It's difficult to describe abstract art. Is it like jazz? Do musicians experience the same exquisite state of focused attention that I feel when I paint? An improvised composition works when one note seems to respond intuitively to the one before it and the musician seems fearless as she trusts her own history, her knowledge, her experience--and she creates beauty. We listen to it--and absorb it.
In the time of Covid, California burned and the sun could not be depended upon to come out. Fear, anxiety, and worry over whether we will ever have a socially just society was rampant and so I quarantined in my studio. Working "in social isolation" my work turned darker as I searched for vessels large enough to contain it all, while still looking for the light. My work became more layered, more textured, and more reflective (literally, with metallic paint, and metaphorically, as it mirrors my inner and outer worlds). I found myself painting abstractions that included houses, doors, containers, and escape boats.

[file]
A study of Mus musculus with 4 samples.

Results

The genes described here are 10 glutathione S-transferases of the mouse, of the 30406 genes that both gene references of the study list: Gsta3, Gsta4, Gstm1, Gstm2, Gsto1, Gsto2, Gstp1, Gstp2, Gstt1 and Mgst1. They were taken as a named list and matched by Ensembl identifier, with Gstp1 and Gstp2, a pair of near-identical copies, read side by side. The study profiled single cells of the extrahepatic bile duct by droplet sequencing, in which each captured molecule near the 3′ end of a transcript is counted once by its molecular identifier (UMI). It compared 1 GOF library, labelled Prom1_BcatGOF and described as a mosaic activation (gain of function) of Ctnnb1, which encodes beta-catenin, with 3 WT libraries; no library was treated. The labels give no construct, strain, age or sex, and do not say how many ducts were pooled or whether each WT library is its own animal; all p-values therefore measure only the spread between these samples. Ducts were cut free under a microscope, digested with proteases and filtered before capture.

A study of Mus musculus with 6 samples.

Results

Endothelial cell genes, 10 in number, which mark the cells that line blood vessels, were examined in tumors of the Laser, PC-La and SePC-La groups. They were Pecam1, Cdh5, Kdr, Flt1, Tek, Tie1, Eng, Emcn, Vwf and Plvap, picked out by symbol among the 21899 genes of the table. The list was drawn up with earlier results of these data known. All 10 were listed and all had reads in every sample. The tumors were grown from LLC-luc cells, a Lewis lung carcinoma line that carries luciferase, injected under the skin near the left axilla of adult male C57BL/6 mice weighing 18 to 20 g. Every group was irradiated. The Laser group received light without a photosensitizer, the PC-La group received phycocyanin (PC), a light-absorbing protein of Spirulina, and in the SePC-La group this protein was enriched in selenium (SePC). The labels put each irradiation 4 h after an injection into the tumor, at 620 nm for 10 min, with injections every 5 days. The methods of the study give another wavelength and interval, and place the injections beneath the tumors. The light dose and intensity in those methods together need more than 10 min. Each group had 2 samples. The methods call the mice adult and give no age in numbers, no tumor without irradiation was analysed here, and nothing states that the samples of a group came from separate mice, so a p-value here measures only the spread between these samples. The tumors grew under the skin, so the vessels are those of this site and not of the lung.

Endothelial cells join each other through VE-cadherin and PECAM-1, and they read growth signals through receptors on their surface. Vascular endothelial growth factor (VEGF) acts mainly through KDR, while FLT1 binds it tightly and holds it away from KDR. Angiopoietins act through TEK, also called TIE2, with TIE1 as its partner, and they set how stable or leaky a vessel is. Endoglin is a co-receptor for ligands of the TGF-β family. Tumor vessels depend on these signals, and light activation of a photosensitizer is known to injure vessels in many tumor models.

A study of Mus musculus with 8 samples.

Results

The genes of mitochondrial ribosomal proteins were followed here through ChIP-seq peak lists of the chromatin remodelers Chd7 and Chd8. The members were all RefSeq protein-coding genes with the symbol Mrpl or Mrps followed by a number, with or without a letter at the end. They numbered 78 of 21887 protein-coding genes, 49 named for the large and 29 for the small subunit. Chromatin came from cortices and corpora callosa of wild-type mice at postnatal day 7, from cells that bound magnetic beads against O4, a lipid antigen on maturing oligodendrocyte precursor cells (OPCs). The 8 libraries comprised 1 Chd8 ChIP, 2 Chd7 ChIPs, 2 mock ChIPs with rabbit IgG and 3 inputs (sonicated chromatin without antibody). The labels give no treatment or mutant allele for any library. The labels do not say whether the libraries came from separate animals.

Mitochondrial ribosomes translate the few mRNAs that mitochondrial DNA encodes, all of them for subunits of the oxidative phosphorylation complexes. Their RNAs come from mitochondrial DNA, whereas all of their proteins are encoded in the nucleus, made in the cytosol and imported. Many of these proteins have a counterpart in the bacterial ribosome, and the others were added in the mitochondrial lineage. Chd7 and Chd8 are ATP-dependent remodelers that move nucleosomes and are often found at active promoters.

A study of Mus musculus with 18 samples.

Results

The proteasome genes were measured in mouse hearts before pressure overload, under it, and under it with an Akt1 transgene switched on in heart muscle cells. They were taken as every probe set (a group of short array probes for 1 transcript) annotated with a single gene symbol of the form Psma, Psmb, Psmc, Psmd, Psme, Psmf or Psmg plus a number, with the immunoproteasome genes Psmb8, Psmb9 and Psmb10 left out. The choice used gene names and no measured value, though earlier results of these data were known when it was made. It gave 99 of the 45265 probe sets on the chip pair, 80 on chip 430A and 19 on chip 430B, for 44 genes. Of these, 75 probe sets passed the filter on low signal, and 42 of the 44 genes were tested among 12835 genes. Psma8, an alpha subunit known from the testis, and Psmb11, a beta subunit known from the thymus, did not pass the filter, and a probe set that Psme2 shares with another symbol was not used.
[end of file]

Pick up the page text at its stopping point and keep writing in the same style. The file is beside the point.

I have referred to this body of work as "The Silver Linings." I see the silver that dominates these paintings as a metaphor for a mirror’s (silver-backed) reflection, and think, in a way, that they are a kind of self-portrait. Reflecting my state of mind as I paint and my own internal reflections, the paintings become projections of that state onto the viewer and the viewer’s projection back. Some of the pieces change when looked at from different angles just as no one moment or angle of perspective fully represents an experience.
I first began using silver during a particular personally reflective time, as I began to recognize the gifts--and silver linings--of experience. Now I use silver paint because I think it's gorgeous.
Encaustic and Oil on Paper
These pieces began with graphite rubbings from highly textured surfaces of some of my earlier paintings (that themselves had been built up with acrylic mediums or reworked from even older paintings). The graphite rubbings on paper were then covered, or partially and roughly covered, with encaustic medium. The wax was fused with heat, and then I worked over them with oil stick and oil paint. To me they are literal examples of the concept that every new piece of art is both brand new, at the same time as it is a direct product of, and is built upon, the past and all that has come before it.